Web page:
Grainne: It has a couple of layers to it, first there’s the fact that professional women (like us) just don’t have the time to find what we’re after. It’s not about being a mother, but not having the time or the patience to trawl through a site with 200 pages of dresses. For me as a consumer, most fashion websites are all things to all people. They don’t know me as a consumer, I find myself fumbling my way through, trying to find a needle in a haystack. Plus, I’m the type of shopper that won’t make a decision until I’ve seen everything. Added to that, retail has become boring. If you removed all the signs off the front of the doors (of fashion retailers) and had to guess who was who you would struggle. There is not enough individuality. That’s a big factor. Plus with my (previous) job, I traveled the world, I’ve walked-down back alleys and seen all these (retail) treasures everywhere. So really it’s about getting that feel and putting it on a platform. A site for women that is thought provoking and inspirational but one when you want to shop like a man.
The brands are very edgy and unique, it’s a site that’s trusted to buy those wow pieces, the statement pieces. It’s the backstreet e-boutique.
Gail: Added to that we want it to be a bit of a secret, but somewhere you want to return because of the quality and editing of the pieces available.
Grainne: The brands that we select (and pitch to) must match our DNA, that means they have to have fearless design, forward, unique thinking on fashion that’s not necessarily trend driven. They have to be brave. The have to be edgy enough to fit us.
When we are in the showrooms of these brands we have another set-of criteria about whether the pieces we’re being shown are too safe. We want the WOW pieces, so that’s the other thing we make sure we do.
Gail: One of our criteria for this is – would one of the Australian department stores stock it, and if they would then we know it’s not for us. Because they would go for the more classic, safer pieces.
Grainne: Don’t get me wrong, I worked for Topshop (UK). Fast fashion serves a purpose, but I guess it’s taken over a little and it’s stopped people from being conscious of their behaviour when they shop. But when you get to our age, we’ve traveled and you start to get bored with certain retailers. We don’t want people to make 6 throw away purchases that won’t last, but rather 1 piece that will last for years. We make sure that this is possible with how we buy, we don’t do the trendy pieces but rather stay true to our overall look. Gail: It’s about stocking the items you want to hand down to your daughter, you’re not planning on throwing them out at the end of the season. It’s a sustainable purchase.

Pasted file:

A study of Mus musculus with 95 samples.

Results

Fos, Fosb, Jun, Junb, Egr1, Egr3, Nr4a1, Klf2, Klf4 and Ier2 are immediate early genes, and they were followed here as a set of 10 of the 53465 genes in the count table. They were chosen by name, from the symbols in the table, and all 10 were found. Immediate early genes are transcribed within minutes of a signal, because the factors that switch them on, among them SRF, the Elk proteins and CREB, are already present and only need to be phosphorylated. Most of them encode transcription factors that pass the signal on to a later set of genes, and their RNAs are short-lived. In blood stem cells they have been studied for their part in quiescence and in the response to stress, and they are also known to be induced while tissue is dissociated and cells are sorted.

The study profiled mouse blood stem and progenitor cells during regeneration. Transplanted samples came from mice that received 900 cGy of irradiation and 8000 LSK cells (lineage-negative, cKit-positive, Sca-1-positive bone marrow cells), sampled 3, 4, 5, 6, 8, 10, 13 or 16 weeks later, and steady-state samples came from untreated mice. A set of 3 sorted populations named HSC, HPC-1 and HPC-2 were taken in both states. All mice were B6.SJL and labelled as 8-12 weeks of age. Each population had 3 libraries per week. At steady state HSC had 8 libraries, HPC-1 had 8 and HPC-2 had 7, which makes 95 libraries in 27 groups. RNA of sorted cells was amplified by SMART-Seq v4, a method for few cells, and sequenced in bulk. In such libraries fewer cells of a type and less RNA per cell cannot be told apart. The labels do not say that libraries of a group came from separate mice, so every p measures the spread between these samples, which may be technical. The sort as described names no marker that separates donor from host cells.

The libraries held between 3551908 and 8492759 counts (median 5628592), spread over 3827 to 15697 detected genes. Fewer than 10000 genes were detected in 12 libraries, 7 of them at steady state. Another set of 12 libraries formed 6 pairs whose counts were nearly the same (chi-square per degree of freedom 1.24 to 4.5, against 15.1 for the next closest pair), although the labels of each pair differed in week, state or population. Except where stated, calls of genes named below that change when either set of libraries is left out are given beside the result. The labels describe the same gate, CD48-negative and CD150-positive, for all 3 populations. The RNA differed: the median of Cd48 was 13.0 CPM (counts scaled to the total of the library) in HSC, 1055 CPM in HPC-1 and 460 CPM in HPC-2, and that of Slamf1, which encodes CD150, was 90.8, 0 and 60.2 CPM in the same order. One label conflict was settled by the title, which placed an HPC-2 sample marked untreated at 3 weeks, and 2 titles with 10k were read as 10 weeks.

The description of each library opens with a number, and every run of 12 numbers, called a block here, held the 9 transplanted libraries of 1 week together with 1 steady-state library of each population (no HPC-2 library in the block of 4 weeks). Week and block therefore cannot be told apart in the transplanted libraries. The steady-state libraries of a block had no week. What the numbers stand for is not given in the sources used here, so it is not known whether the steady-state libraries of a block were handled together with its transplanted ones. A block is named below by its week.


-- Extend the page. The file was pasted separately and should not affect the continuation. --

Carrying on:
Paula Bogaz (RetailOasis): It’s now all numbers and averages and black and beige
Grainne: The other thing is trying to repeat success, like “this worked really well last year so we’re going to take it and tweak it slightly”. The problem with this is that the customer has already bought this and doesn’t need two of them.
Grainne: It’s giving your team and each level – from assistant buyer to junior admin – the hope that they can make a difference. It’s about making everyone feel like they are contributing to the future. I think what’s happening at the moment is that, people go into retail businesses with these big dreams – they want to make a difference- and then they realise that they may not have the voice they’d hoped for. It’s like the respect and the freedom is not being given to greater team. When I was training I worked like a dog, I worked crazy hours – so there’s no difference there – it’s just that I was given this little spark of ‘I can make a difference’ and that’s the only reason why you stay. The hard work will endure, but you have to give people something to be inspired by.
The other thing is you need is a strong visionary in the business, a senior management person to let their people be creative. I think they need to share and train people properly. To have the confidence to nurture their team and not be frighten of the young people coming through. I think the owners and the boards need to allow creativity. This is a problem when you run a business solely on margin not on creativity. You get average product at the end and as such the merchandise teams become glorified administrators.
Grainne: The thing I notice in Australia is there isn’t the money or investment put into visual merchandising or clever marketing. When you travel overseas and walk into those amazing department stores you feel excited and energised. It’s the full experience. Whereas, a lot of retail stores here feel like a store from the 70s similar to the old TV show”Are you being served”. First thing is make the store look fantastic. It’s as simple as when the customer sees exciting things when they enter, they get excited and they want to shop.
Gail: and just customer service that’s the big difference from overseas. Just trying to find someone who can talk to you about a product, not just find a size. There is so much opportunity to break through that.
Grainne: There’s an emotion in fashion. People shop with emotion and they want to be inspired.